NCAA: No Huddle, No Problem, But OT Rules Need Change
The NCAA is considering a rule change that would slow down teams that like to run the no-huddle offense. The new rule would give defenses time to make substitutions to counter an offense that already has its plan in place.
So instead of rewarding a well-prepared offense and punishing a defense that can't adjust, a change may be in order. The rule must be approved by a playing rules oversight panel which will meet March 6.
Instead of this panel voting to take away one of the most popular facets of NCAA (and professional) football, perhaps it should look into something that actually could use a change in college — overtime.
Each team currently gets a possession at the other team's 25-yard line. If the teams both score the same amount of points, they do it again. If they score the same amount of points a second time, each time after, if a team scores a touchdown, they must go for a two-point conversion.
Following so far?
That's the pathetic attempt to shorten a game that, by that point, is already too long. And it doesn't work every time because there are still several ways for each team to continue tying. Both could make a field goal, miss a field goal, commit a turnover, turn it over on downs, score a touchdown and make a two-point conversion, or score a touchdown and miss a two-point conversion.
Think that hasn't happened? In 2003, Arkansas and Kentucky played seven overtimes. In fact, Arkansas won another seven-overtime game in 2001, and lost a six-overtime contest in 2002. Fast forward to 2013 and lets check out overtime by the numbers. There were 32 games overtime games, 21 of which were decided in one extra period. The other 11 were multiple-overtime affairs and included a game with five overtimes, one with four, six with three, and three with two extra sessions. (Apparently, the days of six- and seven-overtime games are a decade behind us, for what it's worth.)
However, a dozen teams played more than one overtime game in 2013, including San Diego State, which played four and posted a 3-1 record. That's a lot of drives where the offense only has a quarter of the field to go for a touchdown.
Of course the defense is put in a tough spot and the scores in the 50s don't look good, but these rules merely change the standard and do carry some upside. Holding a team to a field goal in overtime is generally considered a victory given the circumstances. Also, the college football overtime rules did well to get rid of the dreaded tie, which used to fill a dissatisfying third column after a teams' win/loss record. They may have the NFL beat in that regard. The pros still have the occasional tie when teams fail to score in a full extra quarter of overtime. Additionally, the extra offense and instant drama brought about by putting offenses on the brink of the red zone is exciting for fans and media. Hell, its free football for those in attendance.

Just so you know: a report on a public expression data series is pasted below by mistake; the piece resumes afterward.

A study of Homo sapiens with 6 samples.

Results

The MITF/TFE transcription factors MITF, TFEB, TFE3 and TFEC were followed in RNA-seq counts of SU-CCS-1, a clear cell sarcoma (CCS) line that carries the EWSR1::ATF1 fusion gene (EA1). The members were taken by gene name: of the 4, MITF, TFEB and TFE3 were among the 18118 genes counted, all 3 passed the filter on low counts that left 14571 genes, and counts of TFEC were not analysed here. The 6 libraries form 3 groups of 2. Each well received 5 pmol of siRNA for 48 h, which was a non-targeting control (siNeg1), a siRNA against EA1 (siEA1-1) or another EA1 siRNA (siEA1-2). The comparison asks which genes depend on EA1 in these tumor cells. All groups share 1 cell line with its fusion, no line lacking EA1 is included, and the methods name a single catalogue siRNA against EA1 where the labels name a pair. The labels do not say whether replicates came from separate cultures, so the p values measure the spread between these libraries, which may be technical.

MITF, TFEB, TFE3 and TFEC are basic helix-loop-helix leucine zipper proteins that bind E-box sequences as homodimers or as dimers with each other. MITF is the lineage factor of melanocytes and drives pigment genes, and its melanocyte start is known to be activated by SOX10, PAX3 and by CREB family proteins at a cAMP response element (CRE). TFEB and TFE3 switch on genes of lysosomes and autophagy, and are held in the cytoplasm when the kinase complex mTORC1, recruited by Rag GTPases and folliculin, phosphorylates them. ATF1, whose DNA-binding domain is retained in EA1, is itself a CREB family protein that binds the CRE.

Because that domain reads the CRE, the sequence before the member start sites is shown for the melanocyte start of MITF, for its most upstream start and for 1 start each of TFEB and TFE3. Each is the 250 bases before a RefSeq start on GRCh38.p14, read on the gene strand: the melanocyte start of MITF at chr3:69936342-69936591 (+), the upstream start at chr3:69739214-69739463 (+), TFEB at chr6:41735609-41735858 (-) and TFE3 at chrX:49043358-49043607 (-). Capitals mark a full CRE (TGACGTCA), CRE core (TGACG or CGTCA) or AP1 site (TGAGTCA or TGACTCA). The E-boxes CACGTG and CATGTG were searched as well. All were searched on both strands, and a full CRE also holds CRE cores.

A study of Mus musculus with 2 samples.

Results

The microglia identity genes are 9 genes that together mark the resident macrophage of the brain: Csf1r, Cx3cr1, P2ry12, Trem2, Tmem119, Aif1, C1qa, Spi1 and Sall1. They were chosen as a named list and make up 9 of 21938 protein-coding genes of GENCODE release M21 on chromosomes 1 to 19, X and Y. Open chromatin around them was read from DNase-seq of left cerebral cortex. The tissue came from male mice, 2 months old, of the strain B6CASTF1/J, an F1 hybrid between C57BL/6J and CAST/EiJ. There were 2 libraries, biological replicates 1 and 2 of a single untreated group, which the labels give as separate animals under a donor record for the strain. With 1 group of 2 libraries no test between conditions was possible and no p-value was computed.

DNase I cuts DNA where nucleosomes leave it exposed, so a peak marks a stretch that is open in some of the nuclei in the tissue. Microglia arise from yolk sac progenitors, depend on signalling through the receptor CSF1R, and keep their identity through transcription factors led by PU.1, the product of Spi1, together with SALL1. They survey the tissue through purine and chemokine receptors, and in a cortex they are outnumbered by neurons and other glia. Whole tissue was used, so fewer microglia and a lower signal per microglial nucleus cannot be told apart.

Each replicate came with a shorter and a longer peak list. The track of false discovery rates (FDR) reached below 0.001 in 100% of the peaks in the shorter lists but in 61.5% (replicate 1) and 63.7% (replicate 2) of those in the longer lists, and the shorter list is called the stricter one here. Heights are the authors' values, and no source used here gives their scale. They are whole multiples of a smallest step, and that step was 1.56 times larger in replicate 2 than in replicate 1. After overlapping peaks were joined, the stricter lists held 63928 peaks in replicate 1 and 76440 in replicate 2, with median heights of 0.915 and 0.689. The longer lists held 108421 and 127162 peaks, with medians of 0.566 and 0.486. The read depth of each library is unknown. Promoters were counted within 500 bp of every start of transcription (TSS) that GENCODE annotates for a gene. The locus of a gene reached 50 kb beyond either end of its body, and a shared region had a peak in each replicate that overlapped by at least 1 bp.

But overtime sifts through a lot of tying in the extra sessions just to get rid of the possibility of an ultimate tie score. At some point, neither team should be rewarded for being unable to distinguish itself as better than the other. The NFL knows when to quit. The NFL says if you can't break the tie after a quarter, you deserve that extra column. Furthermore, the NFL allows the kickoff and punt teams to participate. It gives defense at least one more chance to shine. And, as long as the defense (or special teams) doesn't allow a touchdown, both offenses get a legitimate shot on the field in overtime as opposed to an overly legitimate automatic shot from the 25-yard line.
When it comes to overtime, college should follow suit with the NFL overtime rules, past or present. The "sudden death" mantra of days gone by in the NFL would be a significant improvement over the current 25 yards of lunacy that rules college football overtime.
If this panel has a problem with too much offense, it should take a look at overtime box scores such as the one from the Arkansas-Kentucky tussle from 2003. The 71-63 Arkansas victory was more reminiscent of a basketball score than of a football score.
If the NCAA "powers that be" are concerned about player safety, perhaps it should turn its focus away from the issue of no-huddle offense/no-clue defense. That proposed change, ironically, may trigger a delay-of-game penalty for playing too fast. Instead, the panel should turn its collective attention toward a set of overtime rules where the clock, player safety and common sense is removed from the equation.
When Arkansas and Kentucky went into that seven-overtime drag-out on Nov. 1, 2003, the game was tied at 24, meaning both teams scored far more points in overtime than they did during the 60 minutes of football when the game ideally should have been decided. To those teams, it must have felt like they played an entire second game. Although by 2003, Arkansas was becoming used to the routine.
If players are expected to endure that much overtime, they should be paid time-and-a-half like employees in conventional jobs. As it is, college football players aren't compensated for regulation, let alone overtime, but that's another issue for another time.